Former Chicago Blackhawks players team up with Inner City Education for charity hockey event

CHICAGO (WLS) – The hockey season is winding down and there will be no NHL playoffs in Chicago this year, but the game continues to grow.

On Sunday night, a charity game involving former members of the Blackhawks took place on the ice at Fifth Third Arena and ABC7’s Ravi Baichwal had the chance to skate with the people supporting Inner City Education, also known as program name “ICE”.

The pucks were flying like only NHL players can, and then there were the others trying to keep up – all for a good cause.

“We raise funds to provide hockey and educational opportunities to low-income children for whom these opportunities may not be available,” said Brad Erickson, Inner City Education Program Director.

Erickson now has 150 kids in its program who are introduced to hockey at the earliest possible age and using its structure to teach teamwork, discipline and goal setting.

Darius Mack and Jeff Adams graduated from the program. They started skating when they were 9 years old in Garfield Park, but said they probably wouldn’t have approached their neighborhood rink if ICE hadn’t brought it to them.

“Where we’re from, you know, not too far from here Garfield Park, there weren’t a lot of opportunities to do things that opened doors for us,” Darius Mack said. “Introduced us to a new game and had the opportunity of something we’ve experienced before and are grateful for that.”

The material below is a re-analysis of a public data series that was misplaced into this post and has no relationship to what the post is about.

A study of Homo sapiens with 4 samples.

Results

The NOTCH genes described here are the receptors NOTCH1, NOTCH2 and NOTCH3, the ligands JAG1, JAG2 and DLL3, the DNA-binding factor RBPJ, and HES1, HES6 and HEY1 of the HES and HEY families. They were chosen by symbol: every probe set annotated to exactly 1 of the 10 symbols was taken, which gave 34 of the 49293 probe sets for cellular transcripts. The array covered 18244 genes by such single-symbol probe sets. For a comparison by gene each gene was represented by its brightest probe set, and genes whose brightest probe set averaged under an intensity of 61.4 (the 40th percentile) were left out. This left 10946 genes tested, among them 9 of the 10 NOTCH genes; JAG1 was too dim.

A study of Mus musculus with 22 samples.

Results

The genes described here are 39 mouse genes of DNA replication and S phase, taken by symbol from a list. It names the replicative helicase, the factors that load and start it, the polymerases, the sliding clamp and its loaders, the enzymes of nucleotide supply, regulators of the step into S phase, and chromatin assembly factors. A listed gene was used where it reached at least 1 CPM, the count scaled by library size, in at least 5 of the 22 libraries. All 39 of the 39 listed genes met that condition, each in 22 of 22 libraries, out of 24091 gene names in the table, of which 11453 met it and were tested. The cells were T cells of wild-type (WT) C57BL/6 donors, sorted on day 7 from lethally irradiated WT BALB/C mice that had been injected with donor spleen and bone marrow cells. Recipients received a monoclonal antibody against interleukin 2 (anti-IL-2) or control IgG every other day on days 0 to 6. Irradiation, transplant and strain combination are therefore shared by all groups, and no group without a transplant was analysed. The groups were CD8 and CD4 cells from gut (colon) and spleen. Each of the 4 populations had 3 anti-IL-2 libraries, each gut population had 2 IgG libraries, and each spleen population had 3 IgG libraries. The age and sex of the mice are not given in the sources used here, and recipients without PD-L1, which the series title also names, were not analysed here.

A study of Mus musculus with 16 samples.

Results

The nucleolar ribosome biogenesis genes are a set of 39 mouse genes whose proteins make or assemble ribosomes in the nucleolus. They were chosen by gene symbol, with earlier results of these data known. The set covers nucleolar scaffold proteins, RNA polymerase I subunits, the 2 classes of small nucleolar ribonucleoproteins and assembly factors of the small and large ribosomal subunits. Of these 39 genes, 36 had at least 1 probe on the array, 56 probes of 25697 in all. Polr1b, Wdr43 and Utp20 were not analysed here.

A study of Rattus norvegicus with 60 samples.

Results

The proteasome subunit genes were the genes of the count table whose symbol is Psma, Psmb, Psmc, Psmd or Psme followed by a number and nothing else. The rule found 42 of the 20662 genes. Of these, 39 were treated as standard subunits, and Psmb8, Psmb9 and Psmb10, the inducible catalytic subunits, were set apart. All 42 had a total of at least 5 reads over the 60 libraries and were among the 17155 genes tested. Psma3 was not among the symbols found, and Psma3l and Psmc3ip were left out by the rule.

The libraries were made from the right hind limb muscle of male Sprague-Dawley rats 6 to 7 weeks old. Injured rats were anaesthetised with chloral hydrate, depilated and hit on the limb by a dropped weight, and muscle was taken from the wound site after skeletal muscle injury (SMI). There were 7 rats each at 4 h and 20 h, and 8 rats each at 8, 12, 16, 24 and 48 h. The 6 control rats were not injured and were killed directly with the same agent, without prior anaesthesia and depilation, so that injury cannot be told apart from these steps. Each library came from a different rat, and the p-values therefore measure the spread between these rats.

This is the first fundraiser for ICE in three years due to the pandemic.

“I feel good, I haven’t been on the ice in probably five years, so it’s exciting to be able to come back here,” said Jeff Adams.

“It’s an expensive sport. It’s not available in low-income communities, so we provide equipment, coaching, ice time, mentorship and academic tutoring,” Erickson added.

The goal is to expand the program with the help of the Chicago Blackhawks and the wider hockey community, represented by the “Beer League Legends” in this game.

“Well keep showing up, we show up and show our face, and it’s kids wanting to be and see what it’s all about, and then they see they’re interested and we just want to keep it going. “Adams said when asked how he maintains momentum in non-traditional hockey communities.

The jerseys from the night’s contest, which the white team won 10-8, are up for auction on ICE’s website.